Industry Market Drivers, Inflation, and the Supply Chain


Barry Matties: Shawn, as we look at the pressures the industry faces today—supply chain, inflation, labor and so on—how should our industry be viewing or reacting to these pressures? 

Shawn DuBravac: These are forces that are impacting not just companies in the electronics manufacturing industry but also everyone who is upstream and downstream of them. These forces, for the most part, aren’t likely to abate soon, and will likely stay with us well into 2022. These forces are causing companies to really rethink the type of relationships they have with their supply chain. It’s causing them to rethink pricing, their suppliers and supply chains, and what those relationships look like. 

Matties: Looking at our end-markets, what do you see? I’m thinking of automotive, military, medical, and so on. 

DuBravac: Speaking broadly, we definitely see pressure on the auto industry. We’ve obviously seen a significant extension of lead times. Many of those shortages are playing out in other industries. 

When demand picks up and lead times lengthen, it causes an acceleration of orders because people say, “I wasn’t going to place that order for three weeks when it was a three-week lead time, but now that it’s an eight-week lead time, I need to place that order today.” Ultimately, lengthening lead times pulls orders forward and exacerbates the problem. 

The supply chain is working to address the rapid rise in demand that we’ve seen over the last year. We’re not seeing lead times extend significantly, but they remain very high. We’ve also seen a slowdown in demand which will help drive us to a more sustainable equilibrium. We saw, in the U.S. in particular, things slow in the third quarter. At the same time, inventory levels are low across the board. The backlog of orders continues to grow. It will take some time to work through all these dislocations and many of these pressures will be in place well into 2022.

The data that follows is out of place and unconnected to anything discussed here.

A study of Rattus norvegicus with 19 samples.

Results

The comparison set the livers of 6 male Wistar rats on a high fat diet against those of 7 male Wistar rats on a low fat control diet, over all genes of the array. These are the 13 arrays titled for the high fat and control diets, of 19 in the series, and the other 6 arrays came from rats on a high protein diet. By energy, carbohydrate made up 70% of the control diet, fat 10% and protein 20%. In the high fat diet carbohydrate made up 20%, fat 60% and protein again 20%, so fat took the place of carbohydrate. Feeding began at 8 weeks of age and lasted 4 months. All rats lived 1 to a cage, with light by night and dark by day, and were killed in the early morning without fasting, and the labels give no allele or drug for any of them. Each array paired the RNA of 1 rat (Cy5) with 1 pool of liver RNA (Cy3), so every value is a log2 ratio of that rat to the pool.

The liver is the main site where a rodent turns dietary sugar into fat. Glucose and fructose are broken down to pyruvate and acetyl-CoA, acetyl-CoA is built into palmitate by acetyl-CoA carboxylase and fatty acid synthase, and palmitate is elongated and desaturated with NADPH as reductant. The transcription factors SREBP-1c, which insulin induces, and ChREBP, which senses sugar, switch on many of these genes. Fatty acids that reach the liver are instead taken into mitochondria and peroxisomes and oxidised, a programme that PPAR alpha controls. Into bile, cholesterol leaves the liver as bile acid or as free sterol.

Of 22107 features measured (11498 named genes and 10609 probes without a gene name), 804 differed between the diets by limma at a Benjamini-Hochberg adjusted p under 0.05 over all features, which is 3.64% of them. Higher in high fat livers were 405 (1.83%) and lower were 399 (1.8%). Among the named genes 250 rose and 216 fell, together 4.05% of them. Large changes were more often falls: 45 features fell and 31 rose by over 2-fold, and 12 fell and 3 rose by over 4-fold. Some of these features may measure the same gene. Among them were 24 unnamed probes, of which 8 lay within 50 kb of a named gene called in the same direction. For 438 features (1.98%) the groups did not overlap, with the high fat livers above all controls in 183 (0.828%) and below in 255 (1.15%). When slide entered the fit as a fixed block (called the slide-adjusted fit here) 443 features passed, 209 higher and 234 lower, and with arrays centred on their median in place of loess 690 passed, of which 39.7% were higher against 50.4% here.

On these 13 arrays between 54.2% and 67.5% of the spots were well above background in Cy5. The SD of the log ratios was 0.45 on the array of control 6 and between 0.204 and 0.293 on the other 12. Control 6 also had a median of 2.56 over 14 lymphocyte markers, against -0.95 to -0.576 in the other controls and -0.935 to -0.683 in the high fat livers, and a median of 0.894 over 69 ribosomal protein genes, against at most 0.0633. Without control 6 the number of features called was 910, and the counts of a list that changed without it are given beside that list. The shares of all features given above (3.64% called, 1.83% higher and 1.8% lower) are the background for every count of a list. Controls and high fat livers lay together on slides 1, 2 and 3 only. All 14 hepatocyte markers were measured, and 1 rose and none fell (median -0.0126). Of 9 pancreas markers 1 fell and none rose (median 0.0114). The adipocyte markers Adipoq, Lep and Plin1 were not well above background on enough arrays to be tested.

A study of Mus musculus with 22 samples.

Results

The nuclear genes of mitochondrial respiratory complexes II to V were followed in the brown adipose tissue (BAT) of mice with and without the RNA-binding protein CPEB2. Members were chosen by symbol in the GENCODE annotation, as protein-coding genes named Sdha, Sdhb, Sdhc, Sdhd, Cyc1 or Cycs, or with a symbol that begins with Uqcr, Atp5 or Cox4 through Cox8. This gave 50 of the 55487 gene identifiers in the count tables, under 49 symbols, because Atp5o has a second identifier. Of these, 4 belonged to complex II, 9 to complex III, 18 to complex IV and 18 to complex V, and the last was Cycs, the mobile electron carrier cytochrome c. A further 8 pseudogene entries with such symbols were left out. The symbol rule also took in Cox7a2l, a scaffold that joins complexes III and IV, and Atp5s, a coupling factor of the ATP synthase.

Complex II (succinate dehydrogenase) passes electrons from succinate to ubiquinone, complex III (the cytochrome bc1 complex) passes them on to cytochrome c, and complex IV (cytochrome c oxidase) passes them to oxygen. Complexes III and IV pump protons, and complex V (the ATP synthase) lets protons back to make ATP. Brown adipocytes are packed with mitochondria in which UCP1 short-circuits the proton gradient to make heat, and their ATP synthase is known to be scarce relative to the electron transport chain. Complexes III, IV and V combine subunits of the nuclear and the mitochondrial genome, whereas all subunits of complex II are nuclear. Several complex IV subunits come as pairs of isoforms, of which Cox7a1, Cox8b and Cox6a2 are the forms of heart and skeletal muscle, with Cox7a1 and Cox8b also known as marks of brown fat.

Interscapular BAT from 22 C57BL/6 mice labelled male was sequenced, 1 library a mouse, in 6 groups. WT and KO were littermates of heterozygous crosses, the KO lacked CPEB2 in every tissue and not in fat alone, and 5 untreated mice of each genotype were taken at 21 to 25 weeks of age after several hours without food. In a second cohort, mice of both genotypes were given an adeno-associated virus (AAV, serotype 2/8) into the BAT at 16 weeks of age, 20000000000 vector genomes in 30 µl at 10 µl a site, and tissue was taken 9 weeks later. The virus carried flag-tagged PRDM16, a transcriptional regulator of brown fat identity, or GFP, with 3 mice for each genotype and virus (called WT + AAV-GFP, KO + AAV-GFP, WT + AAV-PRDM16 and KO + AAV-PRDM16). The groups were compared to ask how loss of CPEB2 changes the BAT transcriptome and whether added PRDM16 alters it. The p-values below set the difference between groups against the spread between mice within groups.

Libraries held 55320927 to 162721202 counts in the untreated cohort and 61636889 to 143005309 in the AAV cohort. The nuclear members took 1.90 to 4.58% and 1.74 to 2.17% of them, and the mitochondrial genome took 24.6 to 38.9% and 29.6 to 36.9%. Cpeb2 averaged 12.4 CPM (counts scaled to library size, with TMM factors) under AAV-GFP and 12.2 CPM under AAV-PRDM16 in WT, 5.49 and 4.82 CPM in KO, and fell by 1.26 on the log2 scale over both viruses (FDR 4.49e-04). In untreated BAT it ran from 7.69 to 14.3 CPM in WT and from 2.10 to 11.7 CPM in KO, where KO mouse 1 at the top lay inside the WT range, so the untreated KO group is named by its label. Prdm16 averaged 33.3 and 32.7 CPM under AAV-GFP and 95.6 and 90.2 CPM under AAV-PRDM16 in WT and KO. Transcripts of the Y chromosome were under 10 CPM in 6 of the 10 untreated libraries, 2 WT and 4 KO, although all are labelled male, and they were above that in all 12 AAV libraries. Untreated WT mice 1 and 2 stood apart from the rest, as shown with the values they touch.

Matties: Do you anticipate any surplus of inventory in 2022 which might result in a dip in our industry? Is there going to be a dip generally because of the slowdown? 

DuBravac: Right now, we have the opposite dynamic. We’ve seen somewhat of a dip in certain industries because of the inability to get parts. We see a slowdown because of supply chain dislocations. For example, Apple said recently that the supply chain constraints cost them about $6 billion in their fiscal Q4. They anticipate more than $6 billion in lost sales because of the constraints in their fiscal Q1, which includes the holiday quarter and bleeds into the new year. 

Some of the dip in the calendar Q3 in the U.S. was because of a rapid slowdown in consumer spending, which was still growing but at a much lower rate. I think some of the cutback in spending was a result of product availability. Recent research from Kelly Blue Book suggested new car buyers were holding off or exiting the car buying market because of lack of inventory and lack of product availability, coupled with stiffness of price. 

Now to your question: Do we see a big overhang of inventory forming in 2022? I don’t see that for several reasons. Have there been excess orders? Is there double booking? Possibly. But I’m seeing a lot of companies doing things to protect against that. 

Distributors aren’t taking on new customers in some instances as they’re protecting their existing customers. I’ve heard of distributors who are allowing companies to only order some multiples of what they had ordered in the past. Maybe it’s 10% or 20% more, not allowing them to try to double their orders over what they did in the past. Contract terms have stiffened somewhat, so the ability to cancel orders is not as relaxed as it might normally be or certainly has been in the past. They’ve done that as a mechanism to firm the orders. 

To read this entire conversation, which appeared in the December 2021 issue of SMT Magazine, click here.